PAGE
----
Dave Whitmer, who was the interim director for the Roseburg VA Medical Center until this past December, said military veterans concerned about a lack of funding for a proposed Roseburg veterans home need not worry.

The former interim director of the Roseburg Veterans Affairs Medical Center called fears the state will abandon a proposed Roseburg veterans home misguided.

David Whitmer made the comments Monday in an email to Douglas County Veterans Forum President Larry Hill. Hill is spearheading a letter-writing campaign from veterans demanding the Legislature move to fund the project. He plans to have letters available to sign at a booth during this week’s Douglas County Fair.

Dave Whitmer


The controversy began when the state Legislature did not renew funding for a veterans home in the 2019 session. A total of $10.5 million in lottery bond funding for the project had previously been approved in 2011 and renewed every two years. But construction never began because the state money was intended as a 35% match, with federal funding at 65%. So far, those federal dollars haven’t come through.

Meanwhile, this year, the Legislature approved $10 million for a different project, an allied health college that will offer four-year and advanced degrees in much-needed medical fields like nursing, counseling and physical therapy.

Hill believes the funding for the college came at the expense of funding for the veterans home.

But Whitmer suggested Hill either misunderstood or felt “there is some advantage to misinform and rally local Veterans against a problem that does not exist.”

Whitmer particularly objected to a statement Hill made last week, in which Hill said legislators did a disservice to the veteran community and that they weren’t cognizant of the effort that’s gone into the vets home in the past.

Whitmer characterized that statement as disingenuous and said it doesn’t reflect the commitment he observed from Sen. Dallas Heard, R-Winston, Rep. Gary Leif, R-Roseburg and Douglas County Commissioner Tim Freeman.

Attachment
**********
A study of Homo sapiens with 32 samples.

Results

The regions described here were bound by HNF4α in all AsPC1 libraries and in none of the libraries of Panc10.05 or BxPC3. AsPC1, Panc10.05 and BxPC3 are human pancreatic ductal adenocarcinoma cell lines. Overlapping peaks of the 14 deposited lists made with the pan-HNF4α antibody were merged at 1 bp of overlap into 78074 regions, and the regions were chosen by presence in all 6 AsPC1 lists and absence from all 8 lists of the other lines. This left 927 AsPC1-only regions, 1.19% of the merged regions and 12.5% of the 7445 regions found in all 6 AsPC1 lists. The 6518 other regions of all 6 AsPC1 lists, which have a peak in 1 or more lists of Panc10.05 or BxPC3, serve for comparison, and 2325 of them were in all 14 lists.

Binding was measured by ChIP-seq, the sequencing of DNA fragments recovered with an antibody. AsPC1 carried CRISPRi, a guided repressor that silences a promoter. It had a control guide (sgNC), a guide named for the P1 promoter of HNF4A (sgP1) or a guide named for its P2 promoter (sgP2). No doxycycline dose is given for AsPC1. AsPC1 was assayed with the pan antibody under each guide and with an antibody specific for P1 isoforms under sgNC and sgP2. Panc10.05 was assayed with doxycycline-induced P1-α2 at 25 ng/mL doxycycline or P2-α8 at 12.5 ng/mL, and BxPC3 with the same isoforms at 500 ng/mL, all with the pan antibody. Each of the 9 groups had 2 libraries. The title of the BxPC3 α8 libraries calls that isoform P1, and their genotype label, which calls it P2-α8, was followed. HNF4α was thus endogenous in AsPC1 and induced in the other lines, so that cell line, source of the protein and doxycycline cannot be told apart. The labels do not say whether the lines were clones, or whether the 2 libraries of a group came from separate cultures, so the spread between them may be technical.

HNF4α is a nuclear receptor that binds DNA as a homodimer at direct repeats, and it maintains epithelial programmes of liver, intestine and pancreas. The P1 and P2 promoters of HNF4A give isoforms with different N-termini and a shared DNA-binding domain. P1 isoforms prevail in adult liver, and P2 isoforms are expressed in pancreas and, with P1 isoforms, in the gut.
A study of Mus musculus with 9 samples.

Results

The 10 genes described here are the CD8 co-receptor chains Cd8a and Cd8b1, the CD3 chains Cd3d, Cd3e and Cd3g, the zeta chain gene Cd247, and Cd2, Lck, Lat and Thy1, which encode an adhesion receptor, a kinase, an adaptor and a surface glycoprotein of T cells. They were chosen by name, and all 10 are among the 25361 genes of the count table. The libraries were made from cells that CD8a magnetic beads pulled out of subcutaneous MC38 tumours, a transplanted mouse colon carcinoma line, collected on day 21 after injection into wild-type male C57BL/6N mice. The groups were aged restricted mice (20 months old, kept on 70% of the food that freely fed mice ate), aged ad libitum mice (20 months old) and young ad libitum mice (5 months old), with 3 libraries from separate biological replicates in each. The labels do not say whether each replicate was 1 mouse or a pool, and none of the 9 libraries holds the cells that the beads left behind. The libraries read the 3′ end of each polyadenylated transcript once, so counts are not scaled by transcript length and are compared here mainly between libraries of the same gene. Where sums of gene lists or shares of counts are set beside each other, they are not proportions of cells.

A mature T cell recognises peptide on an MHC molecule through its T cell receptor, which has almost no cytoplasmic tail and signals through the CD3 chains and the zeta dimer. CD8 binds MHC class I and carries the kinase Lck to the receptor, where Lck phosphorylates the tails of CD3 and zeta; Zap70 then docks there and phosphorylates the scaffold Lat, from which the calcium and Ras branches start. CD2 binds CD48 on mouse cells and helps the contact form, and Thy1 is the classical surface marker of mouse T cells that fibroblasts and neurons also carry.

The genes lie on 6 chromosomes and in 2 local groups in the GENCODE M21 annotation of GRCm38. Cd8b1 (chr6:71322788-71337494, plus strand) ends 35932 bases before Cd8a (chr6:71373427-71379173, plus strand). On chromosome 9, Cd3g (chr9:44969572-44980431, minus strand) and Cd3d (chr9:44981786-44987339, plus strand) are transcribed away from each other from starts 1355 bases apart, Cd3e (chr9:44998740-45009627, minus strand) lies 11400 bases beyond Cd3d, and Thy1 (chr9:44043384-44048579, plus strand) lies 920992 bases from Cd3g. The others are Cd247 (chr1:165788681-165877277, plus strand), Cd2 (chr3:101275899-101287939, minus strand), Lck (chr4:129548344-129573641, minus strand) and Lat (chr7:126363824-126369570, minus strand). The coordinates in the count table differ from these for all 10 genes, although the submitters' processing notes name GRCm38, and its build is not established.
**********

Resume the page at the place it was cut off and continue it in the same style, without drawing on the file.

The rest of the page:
“I greatly appreciate their collective efforts to guide both of these important initiatives and the partnership we shared to advance Veteran’s issues,” Whitmer said. “I have not worked with a better team of state and local representatives on Veterans matters.”

Hill had not criticized Freeman. However, Hill had questioned the new Oregon Department of Veterans Affairs Director Kelly Fitzpatrick’s commitment to the vets home, and Whitmer also objected to that.

“She has been a strong supporter as well from Day 1 of her tenure. Frankly, I believe you owe all of them an apology for your misguided remarks,” Whitmer wrote to Hill.

Whitmer said the project will likely move up on the list once the federal government transfers the land on which the home will be sited to the state. He said he’s sure the state will ultimately agree to fund the vets home, and he said the college and the vets home are compatible.

“They are not in competition with each other and they are part of a larger strategy to diversify the local economic base that your community and legislative leaders have correctly pursued,” Whitmer said.

Hill said Monday he and Whitmer just have different views.

“The way I see it, he doesn’t see it that way. That’s fine. That’s just absolutely fine. But he can disagree all he wants, and I’m going to stick by my guns,” Hill said.

He said he owes nobody an apology, and he fully intends to soldier on with the letter-writing campaign.

Hill said there are thousands of veterans in the Roseburg VA’s catchment area and many will need the veterans home. He referenced a woman whose husband was a member of the local Veterans of Foreign Wars post for many years. The husband is now in the early stages of Alzheimer’s, and the wife is desperate for help. He said it’s because of people like them that he’s passionate about the issue.

“The ramifications of not getting this far outweigh stepping on people’s toes as far as I’m concerned. It really is. That’s why I feel so passionate about it. We’ve got veterans to take care of,” he said.

Hill said he planned to invite Heard and Leif to a Veterans Forum meeting to discuss the issue.

Heard said last week that he hopes to obtain funding for the vets home in 2021, if it moves up on the federal government’s priority list.

“I fully agreed with the assessment that the former director articulated on the issue, and I’m more than happy to speak to the Veterans Forum any time they would like to invite me,” Heard said Monday.

Reporter Carisa Cegavske can be reached at ccegavske@nrtoday.com or 541-957-4213.

React to this story:


Senior Reporter

Carisa Cegavske is the senior reporter for The News-Review. She can be reached at ccegavske@nrtoday.com or 541-957-4213. Follow her on Twitter @carisa_cegavske

(0) comments

Welcome to the discussion.

Keep it Clean. Please avoid obscene, vulgar, lewd, racist or sexually-oriented language.
Don't Threaten. Threats of harming another person will not be tolerated.
Be Truthful. Don't knowingly lie about anyone or anything.
Be Nice. No racism, sexism or any sort of -ism that is degrading to another person.
Be Proactive. Use the 'Report' link on each comment to let us know of abusive posts.
Share with Us. We'd love to hear eyewitness accounts, the history behind an article.